Class IX student had been admitted for suspected pneumonia,Union Health Ministry team reaches Pune....

Written by Express News Service | Pune/new Delhi |
August 4, 2009 9:34:39 am

The H1N1 virus or swine flu claimed its first life in India when a 14-year-old girl died of multiple organ failure today at the Jehangir Hospital in Pune. She was a Class IX student of St Anne’s Girls High School in the city.

Three doctors and a nurse who had respiratory problems after the girl’s death were being treated with Oseltamivir while 85 hospital contacts had been put on prophylaxis and 31 contacts,including 11 family contacts,were on chemoprophylaxis.

The death raised concerns because until now experts had been calling the virus in India a mild strain capable only of a self-limiting form of the disease.

According to an official release,the girl reported symptoms of sore throat,runny nose,headaches on July 21 and consulted a general practitioner. Since the symptoms improved,she attended school. But the fever returned and she was admitted to the Jehangir Hospital on July 27. Incidentally,the girl was admitted for treatment of suspected pneumonia.


“She had vague and non-specific symptoms,” Dr Prasad Muglikar,Medical Superintendent,Jehangir Hospital told The Indian Express. “After admission,her condition deteriorated rapidly and she had to be put on a ventilator. As part of investigations,we sent samples to the NIV. They confirmed she was infected with the H1N1 virus,” he said,pointing out “she had already visited two private practitioners and was in a breathless state when she was admitted on July 27.”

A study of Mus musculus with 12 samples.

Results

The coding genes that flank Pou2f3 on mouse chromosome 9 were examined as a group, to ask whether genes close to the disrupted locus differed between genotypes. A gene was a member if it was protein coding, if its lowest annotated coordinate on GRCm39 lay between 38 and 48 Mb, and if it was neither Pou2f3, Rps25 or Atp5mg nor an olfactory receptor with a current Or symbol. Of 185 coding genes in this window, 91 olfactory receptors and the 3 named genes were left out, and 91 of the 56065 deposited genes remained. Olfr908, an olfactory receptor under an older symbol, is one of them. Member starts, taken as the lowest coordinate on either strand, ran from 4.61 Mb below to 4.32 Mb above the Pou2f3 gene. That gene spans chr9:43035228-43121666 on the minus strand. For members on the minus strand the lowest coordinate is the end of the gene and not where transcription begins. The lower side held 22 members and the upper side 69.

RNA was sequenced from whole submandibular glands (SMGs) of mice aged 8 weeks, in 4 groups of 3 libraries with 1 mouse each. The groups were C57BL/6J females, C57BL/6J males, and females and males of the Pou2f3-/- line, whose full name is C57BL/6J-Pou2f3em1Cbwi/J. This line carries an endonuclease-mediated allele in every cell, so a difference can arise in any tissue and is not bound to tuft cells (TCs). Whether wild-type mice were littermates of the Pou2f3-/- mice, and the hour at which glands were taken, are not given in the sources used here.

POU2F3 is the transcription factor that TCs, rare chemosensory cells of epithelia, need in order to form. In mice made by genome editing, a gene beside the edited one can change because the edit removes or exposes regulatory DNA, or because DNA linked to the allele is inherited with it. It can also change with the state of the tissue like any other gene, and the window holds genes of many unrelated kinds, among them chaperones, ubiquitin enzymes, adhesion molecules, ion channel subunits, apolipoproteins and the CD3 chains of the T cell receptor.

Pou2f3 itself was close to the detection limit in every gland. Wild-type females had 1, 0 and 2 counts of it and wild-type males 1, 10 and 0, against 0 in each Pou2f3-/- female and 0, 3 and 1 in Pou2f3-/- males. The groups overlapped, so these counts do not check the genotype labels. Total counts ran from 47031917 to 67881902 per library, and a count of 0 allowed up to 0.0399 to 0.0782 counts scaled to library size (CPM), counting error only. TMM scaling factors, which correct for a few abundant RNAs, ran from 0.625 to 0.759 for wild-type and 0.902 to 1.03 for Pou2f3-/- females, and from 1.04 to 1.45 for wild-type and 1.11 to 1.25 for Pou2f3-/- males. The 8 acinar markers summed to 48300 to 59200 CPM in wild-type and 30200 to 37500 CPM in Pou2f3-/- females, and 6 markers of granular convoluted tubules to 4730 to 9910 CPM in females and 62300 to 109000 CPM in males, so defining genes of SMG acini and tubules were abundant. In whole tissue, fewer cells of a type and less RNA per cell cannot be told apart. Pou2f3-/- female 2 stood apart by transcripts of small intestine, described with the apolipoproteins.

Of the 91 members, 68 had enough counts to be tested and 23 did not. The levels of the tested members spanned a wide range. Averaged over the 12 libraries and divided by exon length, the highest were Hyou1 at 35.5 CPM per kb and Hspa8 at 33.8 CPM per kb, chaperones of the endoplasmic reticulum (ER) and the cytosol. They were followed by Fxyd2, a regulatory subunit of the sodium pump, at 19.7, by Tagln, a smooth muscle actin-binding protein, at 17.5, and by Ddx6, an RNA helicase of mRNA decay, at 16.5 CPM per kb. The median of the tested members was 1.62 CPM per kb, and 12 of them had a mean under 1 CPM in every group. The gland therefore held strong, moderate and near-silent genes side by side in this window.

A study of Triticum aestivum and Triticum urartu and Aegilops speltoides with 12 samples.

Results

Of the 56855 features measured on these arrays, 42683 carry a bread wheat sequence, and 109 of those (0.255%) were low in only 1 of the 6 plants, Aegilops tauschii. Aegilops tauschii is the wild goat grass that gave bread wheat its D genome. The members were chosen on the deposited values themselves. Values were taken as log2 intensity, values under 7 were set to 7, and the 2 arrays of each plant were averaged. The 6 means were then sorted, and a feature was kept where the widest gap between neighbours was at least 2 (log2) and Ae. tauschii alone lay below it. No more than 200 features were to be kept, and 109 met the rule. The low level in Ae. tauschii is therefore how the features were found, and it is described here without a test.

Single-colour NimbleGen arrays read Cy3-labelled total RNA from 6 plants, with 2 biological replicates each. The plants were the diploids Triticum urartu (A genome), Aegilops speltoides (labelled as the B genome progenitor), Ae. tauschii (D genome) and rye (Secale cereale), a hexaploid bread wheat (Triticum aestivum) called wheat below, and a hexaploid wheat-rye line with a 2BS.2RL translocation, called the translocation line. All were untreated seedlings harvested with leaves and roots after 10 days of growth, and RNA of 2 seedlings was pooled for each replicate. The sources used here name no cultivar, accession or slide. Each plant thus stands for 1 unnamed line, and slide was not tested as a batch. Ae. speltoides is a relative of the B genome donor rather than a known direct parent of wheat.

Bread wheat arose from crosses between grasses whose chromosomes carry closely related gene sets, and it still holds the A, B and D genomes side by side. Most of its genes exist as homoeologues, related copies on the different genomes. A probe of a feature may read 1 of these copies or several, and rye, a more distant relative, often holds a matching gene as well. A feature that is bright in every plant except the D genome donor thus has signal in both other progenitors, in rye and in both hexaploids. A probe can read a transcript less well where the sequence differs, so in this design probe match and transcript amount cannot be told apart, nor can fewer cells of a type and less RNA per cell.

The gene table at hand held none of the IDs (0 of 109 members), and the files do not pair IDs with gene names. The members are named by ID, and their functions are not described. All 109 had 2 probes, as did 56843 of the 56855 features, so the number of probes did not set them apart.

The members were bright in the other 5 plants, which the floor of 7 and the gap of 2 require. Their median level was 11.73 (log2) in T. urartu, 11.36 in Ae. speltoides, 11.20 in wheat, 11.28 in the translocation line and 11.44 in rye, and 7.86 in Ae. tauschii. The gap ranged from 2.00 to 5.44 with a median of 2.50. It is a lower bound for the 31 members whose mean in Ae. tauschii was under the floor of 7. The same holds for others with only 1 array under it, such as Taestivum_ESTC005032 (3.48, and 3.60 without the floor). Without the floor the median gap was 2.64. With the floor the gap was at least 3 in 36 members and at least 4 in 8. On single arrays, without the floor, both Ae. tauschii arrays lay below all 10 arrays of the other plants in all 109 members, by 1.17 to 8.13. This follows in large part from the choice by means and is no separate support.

Lynette Wilson,physical training teacher at St Anne’s,said: “She was not sickly at all. We knew from her parents that she was suffering from a lung infection. There was never any word of swine flu… It was only on Monday morning that doctors at Jehangir Hospital said she was sinking.”

Pune has been a matter of concern with 11 schools reporting swine flu outbreaks and 72 children out of 101 cases have contracted the disease due to “indigenous transmissions with no history of travel” — most cases in the rest of the country have been linked to travel abroad.

A two-member Health Ministry team led by Dr Jagdish Singh,a senior epidemiologist from the National Centre for Disease Control (previously National institute of Communicable Diseases),is already in Pune. “The team reached yesterday and they are doing a review,” said Dr Pradeep Avte,nodal officer for swine flu in Pune.

The number of those affected in Pune shot up when a team of students returned home after a trip to Indiana in the US. “One of the students who returned had contracted the disease there and he passed it on to a cousin who is a student of another school. The cousin in turn passed it on to 22 others. Cases have been spreading like this from one school to another,” Avte said.

The virus spread in Pune after students of different schools gathered for programme in Kothrud on the day of the solar eclipse. “On July 14,students from schools were invited for a discussion on the solar eclipse,” said Avte. Another possible factor,he said,could be tuition classes where students from different schools meet.

Panchgani in Satara district is another area of concern — all 23 cases in Panchgani involve children,four of whom are admitted in Pune hospitals.